Replication independence

Replication is the ability of a database to create copies of a master database at remote sites. These copies are sometimes called snapshots and may contain the whole database or any subcomponent of the database.
For example, in a relational database, a CUSTOMER table may be snapped to many remote sites for read-only query. Subsets of the CUSTOMER table may be specified, requesting only specific rows and columns, and these replications are refreshed on a periodic basis.
The Publish/Subscribe Model for Oracle Replication is a more flexible method for replication than was the Oracle7 snapshot replication.
Oracle advanced queuing has initiated a new replication model dubbed "publish/subscribe" that differ from the traditional replication model in a very important way.


Replication Independence
The sender of the replicated data (called the "publisher"), does not have to know anything about what's-up on the receiver-side (called the "subscriber"). With replication independence we no longer have to complex feed and verify procedures and the dbms_aq package allows some interesting replication functions: listen Procedure The new dbms_aq.listen procedure allows you to "listen" for incoming messages (rows), just as-if you were the registered subscriber. The listen procedure has a newer input parm method, agent_list) which is a Oracle abstract data type (ADT):
agent_list IN AQ$_AGENT_LIST_T,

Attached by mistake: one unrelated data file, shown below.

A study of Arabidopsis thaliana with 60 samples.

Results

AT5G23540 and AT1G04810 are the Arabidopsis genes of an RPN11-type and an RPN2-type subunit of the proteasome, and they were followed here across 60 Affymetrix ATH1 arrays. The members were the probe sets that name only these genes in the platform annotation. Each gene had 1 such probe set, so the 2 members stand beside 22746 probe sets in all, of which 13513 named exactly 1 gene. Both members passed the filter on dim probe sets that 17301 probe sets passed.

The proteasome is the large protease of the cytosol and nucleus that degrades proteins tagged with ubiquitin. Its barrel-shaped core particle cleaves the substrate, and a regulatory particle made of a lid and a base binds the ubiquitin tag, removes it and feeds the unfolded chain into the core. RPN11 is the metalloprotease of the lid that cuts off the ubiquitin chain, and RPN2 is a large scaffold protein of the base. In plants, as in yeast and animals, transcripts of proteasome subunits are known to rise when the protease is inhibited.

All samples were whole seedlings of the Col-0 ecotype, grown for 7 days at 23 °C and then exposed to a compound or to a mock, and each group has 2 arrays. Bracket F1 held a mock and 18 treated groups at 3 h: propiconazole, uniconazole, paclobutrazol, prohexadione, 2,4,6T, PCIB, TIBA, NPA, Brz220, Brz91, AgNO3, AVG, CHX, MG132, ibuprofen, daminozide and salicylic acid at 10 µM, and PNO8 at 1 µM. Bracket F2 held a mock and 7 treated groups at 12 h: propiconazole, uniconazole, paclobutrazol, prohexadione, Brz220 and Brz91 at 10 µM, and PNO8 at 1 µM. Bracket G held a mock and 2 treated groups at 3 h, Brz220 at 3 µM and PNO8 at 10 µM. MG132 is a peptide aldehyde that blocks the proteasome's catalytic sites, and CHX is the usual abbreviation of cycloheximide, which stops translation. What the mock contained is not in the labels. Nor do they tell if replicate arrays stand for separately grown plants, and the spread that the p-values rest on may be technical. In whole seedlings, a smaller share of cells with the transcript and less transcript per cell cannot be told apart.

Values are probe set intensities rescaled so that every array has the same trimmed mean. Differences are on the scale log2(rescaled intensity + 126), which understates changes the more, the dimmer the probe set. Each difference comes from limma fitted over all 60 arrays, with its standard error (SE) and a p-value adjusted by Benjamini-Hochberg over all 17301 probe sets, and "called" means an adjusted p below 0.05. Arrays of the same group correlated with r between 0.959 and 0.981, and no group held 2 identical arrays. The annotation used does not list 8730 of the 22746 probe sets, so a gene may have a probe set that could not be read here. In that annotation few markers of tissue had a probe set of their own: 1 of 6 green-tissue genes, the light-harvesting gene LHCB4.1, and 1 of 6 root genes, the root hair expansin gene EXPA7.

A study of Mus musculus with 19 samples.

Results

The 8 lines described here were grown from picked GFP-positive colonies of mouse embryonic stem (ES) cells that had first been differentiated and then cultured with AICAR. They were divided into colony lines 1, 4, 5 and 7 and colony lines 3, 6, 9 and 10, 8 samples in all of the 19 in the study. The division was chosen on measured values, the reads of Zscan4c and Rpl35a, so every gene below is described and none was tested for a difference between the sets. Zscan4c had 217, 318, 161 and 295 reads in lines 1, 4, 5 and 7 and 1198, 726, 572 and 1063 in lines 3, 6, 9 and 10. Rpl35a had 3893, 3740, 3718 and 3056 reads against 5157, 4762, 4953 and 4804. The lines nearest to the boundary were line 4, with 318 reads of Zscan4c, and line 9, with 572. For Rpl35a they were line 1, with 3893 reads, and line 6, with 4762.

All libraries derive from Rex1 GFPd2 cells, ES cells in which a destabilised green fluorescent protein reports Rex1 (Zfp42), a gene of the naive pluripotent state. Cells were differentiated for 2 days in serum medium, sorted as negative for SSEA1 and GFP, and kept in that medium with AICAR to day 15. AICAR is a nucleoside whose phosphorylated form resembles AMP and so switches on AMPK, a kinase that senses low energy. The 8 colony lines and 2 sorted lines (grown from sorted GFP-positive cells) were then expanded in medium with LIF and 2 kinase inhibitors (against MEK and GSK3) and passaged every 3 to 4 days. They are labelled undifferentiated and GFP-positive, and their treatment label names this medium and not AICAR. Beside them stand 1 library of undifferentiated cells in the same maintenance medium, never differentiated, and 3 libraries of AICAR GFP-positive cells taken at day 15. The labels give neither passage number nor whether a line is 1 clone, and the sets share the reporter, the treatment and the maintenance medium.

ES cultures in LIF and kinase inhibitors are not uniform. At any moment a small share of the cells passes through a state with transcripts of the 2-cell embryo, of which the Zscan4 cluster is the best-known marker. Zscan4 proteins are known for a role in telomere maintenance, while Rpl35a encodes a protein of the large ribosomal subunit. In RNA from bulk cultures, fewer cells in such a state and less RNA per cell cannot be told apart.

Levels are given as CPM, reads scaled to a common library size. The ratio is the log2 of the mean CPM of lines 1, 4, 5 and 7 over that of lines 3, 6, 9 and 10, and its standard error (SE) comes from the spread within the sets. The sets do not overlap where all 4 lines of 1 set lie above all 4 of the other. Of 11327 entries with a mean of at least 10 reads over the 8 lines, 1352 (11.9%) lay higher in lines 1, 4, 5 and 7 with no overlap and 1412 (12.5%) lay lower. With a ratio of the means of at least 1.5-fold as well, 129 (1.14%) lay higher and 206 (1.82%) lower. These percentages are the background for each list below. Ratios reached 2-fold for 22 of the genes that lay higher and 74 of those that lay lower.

wait IN BINARY_INTEGER DEFAULT DBMS_AQ.FOREVER, 
agent OUT SYS.AQ$_AGENT);
In order to meet the replication independence objective, a distributed system must provide a means of maintaining copies of the same data (i.e., tables) at multiple sites. The reasons to replicate include performance gains and failover capability, to name a few. The challenge with providing replication independence is that when data is changed, the change must propagate to all replicas, as soon as possible. Users and applications should not be concerned with how their changes to a replicated table are propagated or whether their version of the table is up to date. Technically, replication independence requires that changes be propagated to all sites and committed as a single transaction using the two-phase commit protocol. However, enforcement of this stipulation can defeat the purpose of replicating in the first place since the additional communication required impacts performance and since processing is halted if any site is unavailable.